CME: Feed, Residual Use Projected to Rise in 2013/14

US - At a time when livestock futures have been testing all time record highs, grain futures have been mounting an impressive rally of their own, write Steve Meyer and Len Steiner.
calendar icon 11 March 2014
clock icon 4 minute read

Summer corn futures are currently at $5/bushel, 16 per cent higher than the bottom in early January. Summer soybean futures last closed at $14.27/bushel and nearby prices are above $14.5, 14 per cent higher than January levels. USDA updated its monthly projections of US grain supply and use for the current marketing year at noon EST, Monday, 10 March. The table below presents the standard corn supply/demand table with actual numbers for the past two years and the estimates that USDA presented in February.

The March analyst estimates for corn yields and corn ending stocks are highlighted in red and they come from a Dow Jones survey of about 20 analysts. On average, analysts polled expected USDA to peg ending stocks for 2013/14 marketing year at 1.487 billion bushels, only slightly higher than the estimates presented in the February report.

At this point, futures appear to be focusing more on the pace of weekly shipments, which has accelerated in the last few weeks and currently implies higher exports than USDA’s 1.6 billion bushels. Of the 20 analysts polled by Dow Jones, only three analysts expect the ending stocks number to be above 1.5 billion bushels, an indicator of the fact that analysts recognise USDA normally does not make any big changes to its estimates in the March report. Indeed, we will likely see more significant revisions once we get the data from the quarterly grain stocks survey.

The big question mark in our minds is what happens with the feed and residual number given projections of large reductions in hog supplies this spring and summer. USDA is projecting feed and residual use in 2013/14 to increase by 22 per cent compared to the previous year. Are livestock, particularly hog futures wrong about the potential losses in the sector? Is the USDA feed use too high? That’s a difficult question and one to which we will not know the answer until this summer.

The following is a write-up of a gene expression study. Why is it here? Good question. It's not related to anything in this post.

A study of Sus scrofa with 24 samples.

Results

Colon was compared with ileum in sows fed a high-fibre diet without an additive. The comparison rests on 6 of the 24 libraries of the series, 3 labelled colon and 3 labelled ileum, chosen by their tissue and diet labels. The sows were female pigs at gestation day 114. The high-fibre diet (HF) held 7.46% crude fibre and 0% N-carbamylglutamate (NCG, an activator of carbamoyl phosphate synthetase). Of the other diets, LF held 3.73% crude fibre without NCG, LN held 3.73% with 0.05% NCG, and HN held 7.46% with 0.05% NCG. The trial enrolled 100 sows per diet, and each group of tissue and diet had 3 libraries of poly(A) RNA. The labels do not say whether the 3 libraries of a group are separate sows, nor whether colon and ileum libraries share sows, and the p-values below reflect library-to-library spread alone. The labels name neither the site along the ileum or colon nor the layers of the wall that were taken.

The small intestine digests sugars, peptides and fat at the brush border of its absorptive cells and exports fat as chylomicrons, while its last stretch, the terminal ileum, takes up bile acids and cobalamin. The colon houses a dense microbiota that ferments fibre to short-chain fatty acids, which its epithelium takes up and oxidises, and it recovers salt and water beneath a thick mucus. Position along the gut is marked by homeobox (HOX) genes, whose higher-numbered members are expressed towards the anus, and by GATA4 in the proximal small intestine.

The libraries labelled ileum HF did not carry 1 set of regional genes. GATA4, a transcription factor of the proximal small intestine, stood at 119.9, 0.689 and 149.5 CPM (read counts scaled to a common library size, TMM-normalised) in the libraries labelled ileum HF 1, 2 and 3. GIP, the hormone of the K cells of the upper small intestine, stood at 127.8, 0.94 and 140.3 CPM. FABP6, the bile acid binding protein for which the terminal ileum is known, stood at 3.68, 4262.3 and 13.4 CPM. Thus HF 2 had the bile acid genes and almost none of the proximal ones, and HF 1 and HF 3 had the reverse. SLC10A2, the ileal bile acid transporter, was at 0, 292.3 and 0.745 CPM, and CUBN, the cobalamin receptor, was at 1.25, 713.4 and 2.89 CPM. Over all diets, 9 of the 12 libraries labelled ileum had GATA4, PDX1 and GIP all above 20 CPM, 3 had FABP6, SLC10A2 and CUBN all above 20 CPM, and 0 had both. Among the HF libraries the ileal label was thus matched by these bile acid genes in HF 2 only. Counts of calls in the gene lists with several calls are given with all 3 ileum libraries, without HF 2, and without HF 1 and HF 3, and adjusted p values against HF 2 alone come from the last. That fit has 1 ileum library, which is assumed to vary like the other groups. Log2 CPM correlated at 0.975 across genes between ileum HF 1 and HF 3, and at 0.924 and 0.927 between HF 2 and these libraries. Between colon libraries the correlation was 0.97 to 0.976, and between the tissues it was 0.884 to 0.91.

So far, feed consumption has been quite strong and has supported the USDA forecast. Despite much speculation last fall, hog numbers have not declined as much as feared (note the correction in hog futures for 13 December and 14 February) and producers have continued to increase feed use to make up for any losses.

Hog carcass weights have been running about three per cent above year ago levels since November. The removal of Zilmax as a feed additive also may have encouraged producers to increase input use in order to maintain cattle weights. Other than slight adjustments, it is unlikely USDA will change the feed use number in the March report.

In the February Outlook meetings, USDA presented a forecast for 92 million acres to be planted with corn. Using a trend yield of 165.3 bushels per acre, USDA projected a significant expansion in corn supplies next year. The recent rally in corn futures is a) looking to keep some of the acres in corn given the rally in competing products and b) discounting some of the more aggressive yield estimates.

Concerns about spring planting progress are increasing and there are mounting questions that summer weather may challenge the robust yields projected by trend models. Weather concerns will likely continue to impact the market until the crop is in the ground and there is more evidence to suggest the return of El Nino weather patterns.